In February 2011, when Eagle Rock Patch was a little more than three months old, we featured a “Mom’s Talk” column about homeschooling that elicited a flurry of fascinating comments from readers.
"I'm really interested in homeschooling—or 'unschooling,'" wrote Michelle, an Eagle Rock mom whose inquiry about the pros and cons of this alternative form of education inspired the column, titled “Would Homeschooling Work for an Eagle Rock Family?” (Homeschooling, which had become practically extinct in the 1970s, now has some 2 million practitioners across the nation, according to the National Home Education Research Institute.)
We thought that everyone associated with the column as well as anyone interested in exploring the world of homeschooling, would be interested to know about a forthcoming book on the subject.
Titled The Year of Learning Dangerously: Adventures in Homeschooling, the book’s author is Quinn Cummings, an actress and writer who lives in Silver Lake. Cummings chose to home-school her nine-year-old daughter after she somehow managed to convince her well-meaning elementary school teachers that she was “incapable of mastering long division when, in fact, she simply didn't like long division.”
This past Friday, the Wall Street Journal carried an essay adapted from Cummings' book, scheduled to be published August 7. “Everyone is worried that I keep my child in a crate with three air holes punched in it and won't let her have friends until she gets her AARP card,” writes Cummings in the essay, clarifying that while she does have the long answer for people’s worries, she prefers the shorter one:
“Homo sapiens have walked the Earth for at least 130,000 years and, in this time, they learned to be human from their elders, not from their peers. Mandatory education in the U.S. is less than 150 years old. Learning to be a productive adult human by spending a third of every day with other kids might be a good idea, but it's too soon to tell. I'm still unsure that the people best equipped to teach a 14-year-old boy how to be a man are other 14-year-old boys.”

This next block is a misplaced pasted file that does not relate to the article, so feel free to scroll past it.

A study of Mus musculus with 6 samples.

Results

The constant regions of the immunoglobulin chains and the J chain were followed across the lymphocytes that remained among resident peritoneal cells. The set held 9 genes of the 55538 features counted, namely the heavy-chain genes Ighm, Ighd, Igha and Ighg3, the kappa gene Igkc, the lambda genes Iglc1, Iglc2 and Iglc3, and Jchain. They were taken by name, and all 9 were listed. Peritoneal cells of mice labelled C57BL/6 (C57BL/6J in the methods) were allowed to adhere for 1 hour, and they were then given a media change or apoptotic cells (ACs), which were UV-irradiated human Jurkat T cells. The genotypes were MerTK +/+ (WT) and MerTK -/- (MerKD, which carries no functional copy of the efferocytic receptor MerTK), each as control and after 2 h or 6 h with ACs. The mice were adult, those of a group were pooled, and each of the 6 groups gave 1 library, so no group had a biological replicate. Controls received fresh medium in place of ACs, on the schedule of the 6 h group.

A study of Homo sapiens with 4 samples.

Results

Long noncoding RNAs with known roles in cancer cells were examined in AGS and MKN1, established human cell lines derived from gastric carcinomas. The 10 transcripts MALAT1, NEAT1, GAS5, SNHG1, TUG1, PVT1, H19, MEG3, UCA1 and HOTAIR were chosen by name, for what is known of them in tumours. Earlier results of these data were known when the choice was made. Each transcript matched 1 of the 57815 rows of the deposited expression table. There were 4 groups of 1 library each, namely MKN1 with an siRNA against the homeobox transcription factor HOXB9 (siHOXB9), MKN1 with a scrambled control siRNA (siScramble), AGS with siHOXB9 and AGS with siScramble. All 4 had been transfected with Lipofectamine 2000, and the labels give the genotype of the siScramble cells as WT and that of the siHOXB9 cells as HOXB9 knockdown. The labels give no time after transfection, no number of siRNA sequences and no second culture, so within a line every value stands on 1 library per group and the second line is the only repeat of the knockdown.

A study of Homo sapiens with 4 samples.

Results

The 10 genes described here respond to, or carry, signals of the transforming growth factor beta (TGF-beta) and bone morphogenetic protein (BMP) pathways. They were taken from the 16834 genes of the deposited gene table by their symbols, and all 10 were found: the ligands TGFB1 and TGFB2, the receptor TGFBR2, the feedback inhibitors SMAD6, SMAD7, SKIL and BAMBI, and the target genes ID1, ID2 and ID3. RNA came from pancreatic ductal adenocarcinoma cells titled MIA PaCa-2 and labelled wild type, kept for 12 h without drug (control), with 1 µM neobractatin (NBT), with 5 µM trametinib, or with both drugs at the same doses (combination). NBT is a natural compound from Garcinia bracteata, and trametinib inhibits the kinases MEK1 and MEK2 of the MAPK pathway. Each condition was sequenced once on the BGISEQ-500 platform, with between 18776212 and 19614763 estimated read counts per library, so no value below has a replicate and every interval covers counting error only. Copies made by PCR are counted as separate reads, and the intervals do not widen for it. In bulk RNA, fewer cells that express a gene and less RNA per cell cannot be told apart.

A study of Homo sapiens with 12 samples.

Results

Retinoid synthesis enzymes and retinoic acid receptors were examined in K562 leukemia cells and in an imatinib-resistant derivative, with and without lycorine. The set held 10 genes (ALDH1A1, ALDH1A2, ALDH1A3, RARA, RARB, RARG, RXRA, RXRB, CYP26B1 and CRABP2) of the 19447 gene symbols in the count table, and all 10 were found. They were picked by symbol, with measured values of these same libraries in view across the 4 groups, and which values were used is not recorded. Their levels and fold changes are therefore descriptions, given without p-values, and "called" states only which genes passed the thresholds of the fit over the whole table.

Finally, click here to read—or re-read—the Mom’s Talk column. Or peruse the following comments from readers to get an idea of homeschooling:
"I loved being homeschooled. I was able to study what I cared about, and when I had to study something that I didn't care for, I was able to do so in the company of my friends in a class environment that one of the group's parents had put together for all of us. I love being able to talk to anyone without being innately biased by mainstream culture with regards to their age, gender, religion, ethnicity, or political beliefs."
"My husband and I considered home schooling, but we soon decided against it. The main reason is that we work from home and we realized that it is very hard to get much done with a couple of kids at the house all day. Although, I strongly believe that no matter what type of school kids attend, the MOST important learning must happen at home. A true love a learning can only be instilled by parents. Even more importantly, lessons about how to be a good citizen, a steward of our world and a morale person are things that make a child thrive. Institutions can't teach those things. So those of you who can make home schooling fly, more power to you."
"I have been interested in homeschooling since before my kids were born as I have an aunt who sent me great examples a few years ahead of me. We came to Eagle Rock from Washington state, and let me tell you L.A., right now, is the place to be home schooling! There is a large diverse community including semi organizations such as FACE-LA, WISH in Pasadena, and two friends and I have just opened a home schooling resource center in Atwater Village called Urban Homeschoolers. We wanted to offer space for classes especially for the older kids. I always hoped my son could follow Zephram and others example and go to community college when he got to be a teen, but as the economy has gotten worse, that option is more difficult. So we are setting it up for ourselves! The homeschooling community is really what makes the whole thing worth more than I can say. We love it."